This is the second poem I chose to share with my family, in what will be a series to be sent approximately once a month, hand-written and by post, delivered to two brothers and their families, and one father. That means writing the poems out three times which isn’t a bad thing as it helps me anchor them in my memory. I also throw in a few notes and some personal comments.
The Road Not Taken is one of the first hundred or so poems I learned by heart, and I recite it to myself when walking in the nearby woods, where there are several such forks.
The poem seems to have a certain tension, somehow inviting an assumption that the walker took the ‘right’ road, the one that made all the difference to his life. Yet there is that sigh, perhaps no more than an acknowledgement that by taking one, he would inevitably not take the other, or a doubt as to whether he may have taken the wrong road after all.
The road I take through the woods is a circular walk which is quite long, two hours at a good clip from and to our front door, and so I tend to avoid digressions. But I realise that I have looked down several other tracks, paths and roads, and want to take them just to see where they go – a feeling I often have when driving past a turning to a small or somehow enticing lane. When I first passed my driving test three years ago, one of the first things I did was to drive out into the countryside and take a number of random turns.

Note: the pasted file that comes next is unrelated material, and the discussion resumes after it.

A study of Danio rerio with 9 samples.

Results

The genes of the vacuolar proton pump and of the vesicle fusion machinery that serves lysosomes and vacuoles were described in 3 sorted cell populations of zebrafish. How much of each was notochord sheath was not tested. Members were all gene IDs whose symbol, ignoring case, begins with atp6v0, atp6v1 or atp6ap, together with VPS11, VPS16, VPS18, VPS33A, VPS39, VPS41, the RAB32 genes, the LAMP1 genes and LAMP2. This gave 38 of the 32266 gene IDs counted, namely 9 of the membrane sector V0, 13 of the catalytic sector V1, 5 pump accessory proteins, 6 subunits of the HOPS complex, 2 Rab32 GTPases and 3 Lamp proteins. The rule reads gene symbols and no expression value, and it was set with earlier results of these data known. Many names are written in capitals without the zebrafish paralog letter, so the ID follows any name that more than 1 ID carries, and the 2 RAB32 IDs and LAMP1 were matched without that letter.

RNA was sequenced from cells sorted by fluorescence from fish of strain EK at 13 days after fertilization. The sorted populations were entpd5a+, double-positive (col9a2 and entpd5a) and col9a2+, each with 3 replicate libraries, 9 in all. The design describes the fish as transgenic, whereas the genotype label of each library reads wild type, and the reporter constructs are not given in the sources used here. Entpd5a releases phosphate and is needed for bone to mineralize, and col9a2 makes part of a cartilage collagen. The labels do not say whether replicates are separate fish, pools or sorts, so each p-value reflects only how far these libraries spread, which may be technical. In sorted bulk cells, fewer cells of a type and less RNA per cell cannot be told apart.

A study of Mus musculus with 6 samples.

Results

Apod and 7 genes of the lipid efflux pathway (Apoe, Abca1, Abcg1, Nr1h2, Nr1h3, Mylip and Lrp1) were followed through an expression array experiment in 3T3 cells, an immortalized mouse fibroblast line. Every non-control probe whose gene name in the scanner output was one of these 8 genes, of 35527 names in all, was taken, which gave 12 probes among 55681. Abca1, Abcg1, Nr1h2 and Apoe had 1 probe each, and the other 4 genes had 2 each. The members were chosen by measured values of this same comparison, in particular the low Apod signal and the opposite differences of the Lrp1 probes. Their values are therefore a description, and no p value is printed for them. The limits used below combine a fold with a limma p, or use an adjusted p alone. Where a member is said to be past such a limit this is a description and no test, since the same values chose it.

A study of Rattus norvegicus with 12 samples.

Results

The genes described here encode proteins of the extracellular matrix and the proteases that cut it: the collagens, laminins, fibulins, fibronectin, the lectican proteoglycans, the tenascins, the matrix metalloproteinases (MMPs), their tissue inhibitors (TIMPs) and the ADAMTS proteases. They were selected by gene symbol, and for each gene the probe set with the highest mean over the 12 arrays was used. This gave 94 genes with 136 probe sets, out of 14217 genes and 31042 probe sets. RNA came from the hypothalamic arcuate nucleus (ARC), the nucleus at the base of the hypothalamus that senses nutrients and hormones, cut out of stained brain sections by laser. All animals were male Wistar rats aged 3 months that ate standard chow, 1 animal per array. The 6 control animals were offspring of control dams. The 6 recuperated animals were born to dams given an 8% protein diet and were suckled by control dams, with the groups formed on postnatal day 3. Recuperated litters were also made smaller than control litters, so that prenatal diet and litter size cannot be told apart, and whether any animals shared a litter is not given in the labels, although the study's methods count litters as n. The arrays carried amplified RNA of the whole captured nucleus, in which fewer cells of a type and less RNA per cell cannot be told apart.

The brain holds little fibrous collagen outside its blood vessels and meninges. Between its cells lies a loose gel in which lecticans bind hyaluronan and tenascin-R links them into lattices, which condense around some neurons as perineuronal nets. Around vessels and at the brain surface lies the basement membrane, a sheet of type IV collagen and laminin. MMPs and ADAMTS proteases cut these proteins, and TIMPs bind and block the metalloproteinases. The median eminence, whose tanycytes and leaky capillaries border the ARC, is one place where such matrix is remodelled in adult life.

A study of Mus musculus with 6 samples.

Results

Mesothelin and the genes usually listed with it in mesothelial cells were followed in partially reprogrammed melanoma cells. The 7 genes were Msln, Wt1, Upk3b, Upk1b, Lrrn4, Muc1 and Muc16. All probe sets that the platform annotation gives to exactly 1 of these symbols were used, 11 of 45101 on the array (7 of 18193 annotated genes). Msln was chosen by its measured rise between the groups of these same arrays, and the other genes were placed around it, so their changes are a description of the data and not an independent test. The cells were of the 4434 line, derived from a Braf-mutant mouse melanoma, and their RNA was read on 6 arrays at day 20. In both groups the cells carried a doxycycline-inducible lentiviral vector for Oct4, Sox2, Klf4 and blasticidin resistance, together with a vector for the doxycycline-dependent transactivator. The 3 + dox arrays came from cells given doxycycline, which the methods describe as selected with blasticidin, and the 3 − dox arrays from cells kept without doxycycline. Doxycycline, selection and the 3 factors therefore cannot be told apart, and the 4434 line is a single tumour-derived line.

And if it sounds like the circular walk is less adventurous for being a default route, I should mention that these walks have allowed me to stop and look at, and identify, some 150 wild flowers and plants and that each time I go, I discover new ones, as the spring and summer unfold. This, combined with the seasonal changes in leaf cover and angles of light, means the walk is like the proverbial river, always the same and yet always different.
And in case you missed it, here is the first poem in the series.
Source: Robert Frost (1874-1963) – The Road Not Taken
Photo credit: Pexels at pixabay
Two roads diverged in a yellow wood,
And sorry I could not travel both
And be one traveler, long I stood
And looked down one as far as I could
To where it bent in the undergrowth;
Then took the other, as just as fair,
And having perhaps the better claim,
Because it was grassy and wanted wear;
Though as for that the passing there
Had worn them really about the same,
And both that morning equally lay
In leaves no step had trodden black.
Oh, I kept the first for another day!
Yet knowing how way leads on to way,
I doubted if I should ever come back.
I shall be telling this with a sigh
Somewhere ages and ages hence:
Two roads diverged in a wood, and I —
I took the one less traveled by,
And that has made all the difference.